Youth offender plan rides wave of fear – Federal Election – Youth offender plan rides wave of fear: Stephen Harper wants to copy U.S. measures but there is no evidence that they deter crime
September 26, 2008. Errol Mendes

In his divide-and-conquer strategy designed to pit Canadians against one another, Stephen Harper launched an election campaign attack against “ivory-tower” academics who point out that his plan to put 14-year-olds into prison for life and publicly disclose the name of young offenders makes no sense in terms of deterrence and is counter to decades of lessons learned on juvenile crime.

Harper argues that ordinary Canadians (who are not artists) know better, especially those who are affected by juvenile crime, who will ignore the ivory-tower academics.

While Harper is dreaming of riding his politics of fear of crime to a majority in this election, some of his U.S. conservative compatriots, who are anything but ivory-tower academics, are having second thoughts about the Republican approach to law and order that Harper is now promoting.

The Los Angeles Times has reported that not only liberal, but conservative judges in the U.S. are hoping that Congress or the Supreme Court will move away from mandatory sentences to give them leeway to impose shorter and fairer sentences. U.S. District Judge Paul Cassell, an appointee of George W. Bush and former law clerk to one of the most conservative Supreme Court justices, Antonin Scalia, is quoted as saying: “When I have to sentence a midlevel drug dealer to more time than a murderer, something is wrong … This is not about being soft on crime … I believe in tough sentences for severe crimes.”

The Times finds that the root of the problem lies in the simplistic U.S. approach in the 1970s to the “war on drugs,” the mistakes of which the Harper government seems determined to repeat.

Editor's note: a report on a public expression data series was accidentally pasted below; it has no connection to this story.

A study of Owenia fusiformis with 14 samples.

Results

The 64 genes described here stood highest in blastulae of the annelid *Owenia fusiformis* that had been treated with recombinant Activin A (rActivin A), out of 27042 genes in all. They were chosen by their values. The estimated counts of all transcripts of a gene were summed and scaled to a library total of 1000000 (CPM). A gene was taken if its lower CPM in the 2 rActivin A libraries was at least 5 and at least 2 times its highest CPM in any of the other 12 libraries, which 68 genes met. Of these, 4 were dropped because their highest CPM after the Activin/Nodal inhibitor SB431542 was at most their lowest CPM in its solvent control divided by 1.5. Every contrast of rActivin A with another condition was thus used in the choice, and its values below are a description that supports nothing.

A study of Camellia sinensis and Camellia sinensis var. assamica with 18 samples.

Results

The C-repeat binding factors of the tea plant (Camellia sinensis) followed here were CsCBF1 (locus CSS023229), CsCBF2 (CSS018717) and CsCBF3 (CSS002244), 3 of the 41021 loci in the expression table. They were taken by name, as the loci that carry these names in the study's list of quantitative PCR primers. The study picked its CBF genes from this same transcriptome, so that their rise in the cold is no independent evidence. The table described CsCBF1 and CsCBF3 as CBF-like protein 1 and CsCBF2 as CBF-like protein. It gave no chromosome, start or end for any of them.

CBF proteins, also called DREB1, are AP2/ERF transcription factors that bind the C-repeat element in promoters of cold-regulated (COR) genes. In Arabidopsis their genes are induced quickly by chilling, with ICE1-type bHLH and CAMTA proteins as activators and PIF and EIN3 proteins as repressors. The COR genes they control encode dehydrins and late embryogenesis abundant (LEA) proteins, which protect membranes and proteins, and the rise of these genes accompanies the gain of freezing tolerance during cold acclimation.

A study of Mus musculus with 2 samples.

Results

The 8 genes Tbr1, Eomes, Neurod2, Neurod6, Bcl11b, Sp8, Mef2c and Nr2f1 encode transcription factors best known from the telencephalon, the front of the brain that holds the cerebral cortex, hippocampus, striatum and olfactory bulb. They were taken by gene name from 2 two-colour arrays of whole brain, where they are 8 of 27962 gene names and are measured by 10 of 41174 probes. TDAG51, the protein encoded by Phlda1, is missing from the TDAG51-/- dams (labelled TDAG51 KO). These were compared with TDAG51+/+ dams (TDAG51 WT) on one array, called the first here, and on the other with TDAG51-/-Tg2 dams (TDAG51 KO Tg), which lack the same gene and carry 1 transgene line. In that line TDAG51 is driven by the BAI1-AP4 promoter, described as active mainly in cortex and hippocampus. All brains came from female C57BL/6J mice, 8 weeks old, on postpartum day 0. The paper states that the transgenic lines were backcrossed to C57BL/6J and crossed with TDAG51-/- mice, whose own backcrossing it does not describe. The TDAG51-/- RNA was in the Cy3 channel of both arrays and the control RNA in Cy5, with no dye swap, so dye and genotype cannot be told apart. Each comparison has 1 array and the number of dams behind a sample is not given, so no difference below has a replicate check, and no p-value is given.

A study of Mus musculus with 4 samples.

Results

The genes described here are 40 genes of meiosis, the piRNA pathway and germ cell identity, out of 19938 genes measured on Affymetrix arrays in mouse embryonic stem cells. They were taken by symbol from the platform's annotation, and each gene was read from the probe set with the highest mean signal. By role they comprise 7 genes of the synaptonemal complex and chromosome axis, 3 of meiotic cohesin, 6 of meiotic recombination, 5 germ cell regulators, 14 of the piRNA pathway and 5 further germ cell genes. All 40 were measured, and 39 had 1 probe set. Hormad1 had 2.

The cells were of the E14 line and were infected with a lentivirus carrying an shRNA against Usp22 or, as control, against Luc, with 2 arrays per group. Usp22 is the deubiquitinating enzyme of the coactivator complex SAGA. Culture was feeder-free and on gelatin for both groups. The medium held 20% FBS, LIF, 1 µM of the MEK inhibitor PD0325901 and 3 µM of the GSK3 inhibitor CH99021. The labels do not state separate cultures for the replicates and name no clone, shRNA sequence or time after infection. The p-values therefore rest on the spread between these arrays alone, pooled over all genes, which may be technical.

Congress had passed mandatory sentences for crimes involving drugs and guns, and also passed mandatory sentences for other federal crimes. What the mandatory rules accomplished was overcrowded prisons, with 181,622 convicts in federal prisons compared with 24,363 in 1980.

When the states followed with their own mandatory sentences, the U.S. prison population ballooned to 2.3 million, up from 501,886 in 1980. The effect of ignoring the ivory-tower academics has been to warehouse entire sections of the U.S. population in prisons with little effect on the crime rate.

Academic studies have cast doubt on whether the mandatory sentences in the U.S. have acted as a deterrent, and there is no real evidence that states that have mandatory sentences had any different crimes rates than those that do not. In fact, demographic and socioeconomic factors had a greater impact on decreasing crime rates than the imposition of mandatory sentences.

Even Bush’s attorney general, Michael Mukasey – definitely not an ivory-tower academic – has argued against mandatory sentencing. He even went to the extent of suggesting that mandatory sentences could violate the U.S. constitutional principle of the separation of powers.

A similar argument could well find its way into Canadian courts against the slew of mandatory sentences that have been pushed by Harper and the Conservatives.

There is also the distinct probability that the Supreme Court could strike down any law that puts children in prison for life and destroys any hope for rehabilitation.

Now, during this election campaign, Harper is threatening that even if he is returned with a minority, he will put his proposed law on putting children in prison for life – destroying their chance at rehabilitation by naming them – to a confidence vote. That creates the possibility of yet another $300 million election right after this one, if the opposition does not meekly agree to him.

This is not governing. This is bullying on a massive and hugely expensive scale that ordinary Canadians should reject.

Errol P. Mendes is a professor of constitutional, international and human rights law at the University of Ottawa.